I just can’t switch off when I go to bed, my mind just goes on over-drive.
I’m always waking up in the night, and then I lie awake for hours at a time.
I’m worried I’m not getting enough sleep and that it’s affecting my health.
Sound all too familiar? Struggling to sleep is miserable isn’t it.
But you don’t have to just put up with it, there are some things you can do to help your sleep.
Here are a few ideas to consider.
It may sound rather boring but having regular and healthy bedtime habits are so important for a good night’s sleep. Some of these are positive actions, for example:
Have a regular time for going to bed and getting up, and sticking to these. This helps your body get into a routine and create a pattern for your sleep.
Take regular exercise, something you enjoy whether this is walking, swimming, a team sport or joining a gym or exercise class. Exercise is good for your health, well-being, mood and it can also help the quality of your sleep.
Make sure your bedroom is comfortable and cosy, a place where you feel you can relax and rest. Changing the colours or furnishings, lighting, temperature, mood or layout, having a declutter are all ways to improve your sleeping environment so it’s restful and soothing.
Do something relaxing before you go to bed. Make sure you stop working several hours before your bedtime to allow your mind some down time. Listening to soothing music, having a warm bath, reading an enjoyable book, doing meditation, breathing techniques or self-hypnosis can all aid the relaxation process. During self-hypnosis you can give yourself positive messages when you go to bed to aid sleep such as “My body is relaxed, my mind is restful” or “I am calm, I am comfortable” or “there’s nothing to do…nothing to think about…so I can relax and sleep well”, or whatever is a positive suggestion for you.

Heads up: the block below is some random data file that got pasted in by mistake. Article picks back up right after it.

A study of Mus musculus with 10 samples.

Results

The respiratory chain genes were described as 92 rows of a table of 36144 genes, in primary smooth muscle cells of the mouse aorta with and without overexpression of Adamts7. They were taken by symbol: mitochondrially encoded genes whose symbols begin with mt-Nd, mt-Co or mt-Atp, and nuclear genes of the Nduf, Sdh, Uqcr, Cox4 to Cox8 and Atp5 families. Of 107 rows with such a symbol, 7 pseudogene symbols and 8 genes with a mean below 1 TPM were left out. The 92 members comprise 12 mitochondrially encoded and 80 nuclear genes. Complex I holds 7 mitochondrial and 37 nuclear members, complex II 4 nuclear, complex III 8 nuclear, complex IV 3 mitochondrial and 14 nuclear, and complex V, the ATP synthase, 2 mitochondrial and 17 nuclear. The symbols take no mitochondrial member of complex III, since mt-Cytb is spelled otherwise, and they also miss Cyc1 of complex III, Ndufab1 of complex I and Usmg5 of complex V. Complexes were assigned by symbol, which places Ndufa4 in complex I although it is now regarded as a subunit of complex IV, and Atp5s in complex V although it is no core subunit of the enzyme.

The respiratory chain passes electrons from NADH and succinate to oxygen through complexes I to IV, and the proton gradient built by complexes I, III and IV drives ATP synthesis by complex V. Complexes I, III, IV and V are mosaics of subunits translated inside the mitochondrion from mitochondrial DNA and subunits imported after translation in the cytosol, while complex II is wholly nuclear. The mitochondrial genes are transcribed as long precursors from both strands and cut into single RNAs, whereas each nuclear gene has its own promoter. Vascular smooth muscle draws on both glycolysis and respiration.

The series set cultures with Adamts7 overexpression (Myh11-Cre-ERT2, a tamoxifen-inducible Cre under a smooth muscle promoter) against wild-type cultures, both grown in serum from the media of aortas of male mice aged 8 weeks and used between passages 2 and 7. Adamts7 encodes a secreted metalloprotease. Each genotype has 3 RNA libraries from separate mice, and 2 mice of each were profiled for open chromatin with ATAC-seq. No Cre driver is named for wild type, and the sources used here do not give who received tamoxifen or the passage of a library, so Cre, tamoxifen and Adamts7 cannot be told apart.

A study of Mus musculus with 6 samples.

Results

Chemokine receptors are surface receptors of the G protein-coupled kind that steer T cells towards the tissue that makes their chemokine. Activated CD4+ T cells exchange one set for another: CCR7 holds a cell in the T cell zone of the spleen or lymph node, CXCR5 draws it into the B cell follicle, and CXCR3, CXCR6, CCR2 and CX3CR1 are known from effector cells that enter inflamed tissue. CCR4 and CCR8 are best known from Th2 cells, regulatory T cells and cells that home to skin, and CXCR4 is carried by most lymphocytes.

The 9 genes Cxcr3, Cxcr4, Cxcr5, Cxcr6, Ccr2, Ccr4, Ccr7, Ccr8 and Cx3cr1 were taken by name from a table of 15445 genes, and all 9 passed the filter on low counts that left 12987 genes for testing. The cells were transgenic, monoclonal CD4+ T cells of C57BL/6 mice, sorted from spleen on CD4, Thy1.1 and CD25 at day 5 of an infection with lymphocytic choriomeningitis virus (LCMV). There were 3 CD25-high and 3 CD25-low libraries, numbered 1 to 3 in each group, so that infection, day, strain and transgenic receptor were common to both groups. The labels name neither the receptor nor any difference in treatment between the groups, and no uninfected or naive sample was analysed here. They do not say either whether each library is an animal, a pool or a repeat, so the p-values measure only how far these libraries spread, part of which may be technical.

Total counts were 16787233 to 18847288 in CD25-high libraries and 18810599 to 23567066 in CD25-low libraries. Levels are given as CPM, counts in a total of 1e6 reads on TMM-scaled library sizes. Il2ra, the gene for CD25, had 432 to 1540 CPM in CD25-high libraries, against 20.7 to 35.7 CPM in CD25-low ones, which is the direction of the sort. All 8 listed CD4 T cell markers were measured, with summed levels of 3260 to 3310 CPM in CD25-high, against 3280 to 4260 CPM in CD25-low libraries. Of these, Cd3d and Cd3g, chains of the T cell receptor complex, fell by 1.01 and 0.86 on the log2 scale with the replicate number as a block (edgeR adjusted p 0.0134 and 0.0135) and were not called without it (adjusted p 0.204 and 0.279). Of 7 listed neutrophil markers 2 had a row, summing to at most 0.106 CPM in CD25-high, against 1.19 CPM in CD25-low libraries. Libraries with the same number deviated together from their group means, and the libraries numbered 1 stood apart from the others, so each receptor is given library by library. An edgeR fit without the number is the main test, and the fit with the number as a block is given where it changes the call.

Empty your brain before you go to bed by asking yourself these questions: What am I grateful for today? What have I learnt today? What have I done today? What have I to do tomorrow? What I have put in place today to deal with tomorrow?
As well as getting into using these positive practices on a consistent basis, avoid the following which can upset your sleep – eating late, stimulating drinks such as coffee, tea, caffeinated drinks such as cola and alcohol, and use of iphones and ipads late into the evening as the blue light transmitted from modern day electronic devises can suppress the hormone, melatonin which is sleep inducing, and trick your brain into thinking its daytime.
I hope taking these steps or changing just one aspect of your bedtime routine makes a difference to you and improves your sleep.
But if your sleep difficulties have been going on for a long time and it’s become impossible to shake off, it’s is probably affecting your wellbeing, energy levels and performance or straining relationships.
Not sleeping well can seem to create a lot of anxious thinking. You may be dreading going to bed and that endless tossing and turning at night due to spiraling worry and fears. When anxious thoughts are racing around in your mind it feels overly active and like you just can’t switch it off, leading to even more anxiety.
Or long term sleep deprivation can be a result of struggling with anxiety: anxiety and insomnia often go hand in hand.
I specialise in working with anxiety, and sleep is often an aspect of what we work on during sessions, either indirectly improving sleep by reducing anxiety or by helping you through a mix of coaching and hypnosis to learn to unwind and relax, and change your relationship with the anxious thoughts reving up mind.
This in turns leads to different behaviours and habits around sleep and reduces the stress around trying to get to sleep.